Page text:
ALLEN C Jones is an award-winning poet and writer and is associate professor of English Literature and Culture at University of Stavanger, Norway. His novel Her Death Was Also Water tells the story of seven people trying to survive on a small boat in a world completely transformed by an apocalyptic flood. Read on for an extract.
ABOUT THE BOOK
A mixture of apocalypse, high-seas adventure, and otherworldliness, Her Death Was Also Water tells the story of seven people trying to survive on a small boat in a world completely transformed by an apocalyptic flood. Haunted by entwined pasts, the characters must voyage from a small Midwestern town through a world that seems increasingly fantastic. Each will face their past, and some will die, and the boat will even float through the miraculous, but only fifteen-year-old Charlotte will discover that death is not always death. Sometimes, it is also water.
Virginia Woolf’s stream of consciousness meets Yann Martel’s magical realism as a young woman discovers a sense of adventurous possibility in a world that has taken nearly everything from her.
Something moves behind Charlotte, and she turns around, sure she felt a ghostly hand petting her shoulder. A chill runs across her neck, but there is nothing there.
She turns back to the mirror and sees that water is running from a series of cracks in the wall behind her, as if it’s a dam about to burst. She braces herself, expecting the wall to collapse. Instead, the cracks keep dividing and reconnecting until they form the shape of a girl, who proceeds to step out of the wall, a faceless mass of roiling liquid, dark as oil. Her icy breath gusts over Charlotte’s neck. Charlotte screams.
Julia immediately screams also and flips on the light, laughing hysterically.
‘OMG you scared me,’ she says. ‘We didn’t even get to say Bloody Mary!’
Charlotte’s spine is so cold it feels brittle, like it’s been dipped in dry ice. She has the sense that if she leans just a little bit to one side, she will shatter. Star-shaped shadows flicker across her vision, and she focuses on the edge of the sink, standing perfectly still so she won’t lose her balance.
‘Are you dizzy?’ Julia asks, pulling her into a hug. ‘Did you drink enough water today?’
‘I was just kidding around,’ Charlotte says, unable to keep her voice from quivering.
‘You deserve an Oscar,’ Julia says. ‘I’ve never seen you look so freaked out.’ She giggles a little but stops when Charlotte doesn’t respond.
‘I thought I saw something in the mirror,’ Charlotte says, staring down at Julia’s bare feet, her perfect toes, the nails thick with tangerine polish.
‘There’s nothing there,’ Julia says, gesturing to the mirror.
‘I know,’ Charlotte says, looking up.
The bathroom has disappeared. There are no pink tiles, no mirrors, and no sink. Julia’s house has evaporated completely. Charlotte stands alone on a wide, bare cliff overlooking the sea. A light breeze blows tawny dust, fine as powder, over her shoes. The air is heavy with the scent of brine.
Rose stands three paces in front of Charlotte, facing the sea, her toes nearly touching the cliff’s edge. She is barefoot, fists planted on her hips, her yellow sundress whipping forward in the wind so it outlines her body, like a sail trying to pull her over the edge. Charlotte calls her name, but Rose does not move, standing perfectly still, except for her exceptionally long toes that curl and uncurl in the dust.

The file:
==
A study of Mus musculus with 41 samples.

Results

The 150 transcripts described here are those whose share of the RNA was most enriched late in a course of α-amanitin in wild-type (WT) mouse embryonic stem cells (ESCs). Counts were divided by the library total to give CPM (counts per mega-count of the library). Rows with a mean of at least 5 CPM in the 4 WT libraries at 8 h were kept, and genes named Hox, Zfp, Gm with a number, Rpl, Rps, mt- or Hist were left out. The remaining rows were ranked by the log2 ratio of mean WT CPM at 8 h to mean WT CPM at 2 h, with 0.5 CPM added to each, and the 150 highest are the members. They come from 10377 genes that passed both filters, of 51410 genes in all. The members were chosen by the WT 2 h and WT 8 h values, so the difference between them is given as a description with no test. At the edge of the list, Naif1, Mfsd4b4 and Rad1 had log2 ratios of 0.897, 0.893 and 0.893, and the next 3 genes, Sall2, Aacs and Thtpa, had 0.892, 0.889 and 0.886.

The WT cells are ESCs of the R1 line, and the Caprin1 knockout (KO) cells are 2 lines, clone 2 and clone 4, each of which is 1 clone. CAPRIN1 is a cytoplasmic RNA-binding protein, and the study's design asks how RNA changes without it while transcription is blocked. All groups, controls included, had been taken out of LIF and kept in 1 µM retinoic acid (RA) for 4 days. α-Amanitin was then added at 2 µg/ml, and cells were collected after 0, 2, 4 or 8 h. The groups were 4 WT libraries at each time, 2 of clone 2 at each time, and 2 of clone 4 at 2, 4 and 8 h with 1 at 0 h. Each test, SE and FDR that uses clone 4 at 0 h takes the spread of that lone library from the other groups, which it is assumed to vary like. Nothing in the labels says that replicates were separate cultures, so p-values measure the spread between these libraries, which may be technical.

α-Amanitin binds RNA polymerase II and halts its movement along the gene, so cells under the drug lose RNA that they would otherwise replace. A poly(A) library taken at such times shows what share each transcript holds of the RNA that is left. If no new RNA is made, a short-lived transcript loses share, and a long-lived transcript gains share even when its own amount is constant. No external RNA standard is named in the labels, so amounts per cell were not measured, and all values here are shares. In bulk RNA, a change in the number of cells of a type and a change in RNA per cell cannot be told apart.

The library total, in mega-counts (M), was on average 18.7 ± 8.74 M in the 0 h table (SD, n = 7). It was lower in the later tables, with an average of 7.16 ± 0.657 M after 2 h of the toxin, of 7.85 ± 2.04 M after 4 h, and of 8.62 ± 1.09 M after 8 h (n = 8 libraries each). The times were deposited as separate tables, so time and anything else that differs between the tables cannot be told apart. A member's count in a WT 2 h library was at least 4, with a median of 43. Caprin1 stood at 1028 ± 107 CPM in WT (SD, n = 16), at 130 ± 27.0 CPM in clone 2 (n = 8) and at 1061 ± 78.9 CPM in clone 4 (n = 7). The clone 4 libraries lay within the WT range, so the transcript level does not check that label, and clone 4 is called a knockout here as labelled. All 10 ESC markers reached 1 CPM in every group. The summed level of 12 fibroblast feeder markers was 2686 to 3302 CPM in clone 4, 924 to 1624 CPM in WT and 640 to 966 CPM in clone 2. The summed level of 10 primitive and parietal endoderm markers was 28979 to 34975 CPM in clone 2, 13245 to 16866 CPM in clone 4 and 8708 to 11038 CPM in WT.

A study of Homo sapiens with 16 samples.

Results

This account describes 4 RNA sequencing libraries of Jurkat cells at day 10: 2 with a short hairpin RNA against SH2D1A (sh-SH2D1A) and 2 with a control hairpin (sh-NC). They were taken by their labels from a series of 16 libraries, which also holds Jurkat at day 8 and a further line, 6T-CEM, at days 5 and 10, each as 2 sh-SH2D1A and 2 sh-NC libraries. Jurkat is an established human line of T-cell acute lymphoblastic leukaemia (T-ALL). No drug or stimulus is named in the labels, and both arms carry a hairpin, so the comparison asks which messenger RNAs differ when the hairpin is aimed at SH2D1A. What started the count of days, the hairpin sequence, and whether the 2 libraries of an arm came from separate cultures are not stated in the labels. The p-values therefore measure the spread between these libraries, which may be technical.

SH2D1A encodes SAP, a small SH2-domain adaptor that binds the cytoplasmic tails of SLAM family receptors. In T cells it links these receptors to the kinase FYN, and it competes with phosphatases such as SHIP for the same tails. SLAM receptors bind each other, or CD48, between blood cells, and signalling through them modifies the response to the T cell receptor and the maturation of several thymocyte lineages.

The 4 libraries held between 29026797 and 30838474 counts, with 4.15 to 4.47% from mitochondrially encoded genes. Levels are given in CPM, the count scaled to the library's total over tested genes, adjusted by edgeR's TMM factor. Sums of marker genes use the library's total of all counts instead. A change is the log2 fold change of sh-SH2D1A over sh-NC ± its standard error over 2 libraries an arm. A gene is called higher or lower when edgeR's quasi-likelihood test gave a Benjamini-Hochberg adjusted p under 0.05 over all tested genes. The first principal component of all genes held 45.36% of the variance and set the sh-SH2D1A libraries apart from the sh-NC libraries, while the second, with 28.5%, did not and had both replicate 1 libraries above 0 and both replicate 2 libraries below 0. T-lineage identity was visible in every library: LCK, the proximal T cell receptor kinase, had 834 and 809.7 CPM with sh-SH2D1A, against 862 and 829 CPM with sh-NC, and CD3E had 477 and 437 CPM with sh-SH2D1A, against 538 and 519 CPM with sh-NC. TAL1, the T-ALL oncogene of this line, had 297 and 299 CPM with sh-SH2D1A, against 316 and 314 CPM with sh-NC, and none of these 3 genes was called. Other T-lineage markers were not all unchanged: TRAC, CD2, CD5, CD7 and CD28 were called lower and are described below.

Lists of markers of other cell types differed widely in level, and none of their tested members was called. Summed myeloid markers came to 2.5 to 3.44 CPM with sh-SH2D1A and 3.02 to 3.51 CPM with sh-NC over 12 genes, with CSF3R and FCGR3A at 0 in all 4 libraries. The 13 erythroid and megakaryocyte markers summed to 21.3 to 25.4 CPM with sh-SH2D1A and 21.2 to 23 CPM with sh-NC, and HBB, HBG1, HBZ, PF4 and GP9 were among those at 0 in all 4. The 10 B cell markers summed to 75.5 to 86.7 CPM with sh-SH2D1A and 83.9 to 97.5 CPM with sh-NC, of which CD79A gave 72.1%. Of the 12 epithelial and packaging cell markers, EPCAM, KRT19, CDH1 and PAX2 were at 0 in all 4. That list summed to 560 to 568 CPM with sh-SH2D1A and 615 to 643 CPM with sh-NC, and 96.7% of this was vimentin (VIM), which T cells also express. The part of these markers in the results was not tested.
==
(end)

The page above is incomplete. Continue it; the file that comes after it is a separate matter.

Rose was always proud of her dexterous toes, and she used to show off, holding pencils and silverware, claiming that if she lost her arms it wouldn’t matter. At dinner, she would reach under the table and untie Charlotte’s shoes. Charlotte let her do it, loving the way her sister’s toes tickled across her own, loving the secret intimacy of the game, their parents asking what was so funny as the sisters giggled uncontrollably, refusing to tell.
Charlotte stares at her sister, only distantly aware of Julia, who squeezes her hand now and says something Charlotte can’t make out.
‘Didn’t you say you had more ice cream?’ Charlotte whispers, keeping her eyes on her sister.
Rose’s dress is incredibly bright, as if it emits its own yellow light. The breeze is bathwater warm and smells of summer. A hawk shrieks somewhere and a bird-shaped shadow flits over the cliff’s edge. A single vaporous line dives toward the horizon, either a strangely symbolic cloud or a contrail. It looks like a stroke of chalk blown sideways in the wind.
‘I’m going to get you a glass of water,’ Julia says.
Charlotte nods without looking, only vaguely aware of Julia heading off toward the kitchen.
‘I spent weeks putting up fliers,’ she says to Rose. ‘I would have stayed out all night, but Mom and dad wouldn’t let me.’ She pauses, waiting for her sister to turn. Rose doesn’t move. Even her toes grow still.
‘That was your favourite dress,’ Charlotte says. ‘I haven’t forgotten.’
There is no mistaking the vision before her. This is precisely the vista from the top of her dream tower. She takes a step forward, thinking to tell this to Rose. I have dreamt this all before, she will say, except in the dream I was always alone when I stood on top of that tower, and now I have you.
She bumps into something, looks down, and finds a sink. She looks up and Rose is gone. The sea is also gone. Charlotte stands alone in a watermelon pink bathroom, a row of bright track lights revealing a face so pale, she barely recognizes it. The face stares at her, brow furrowed, eyes wide with either hope or fear.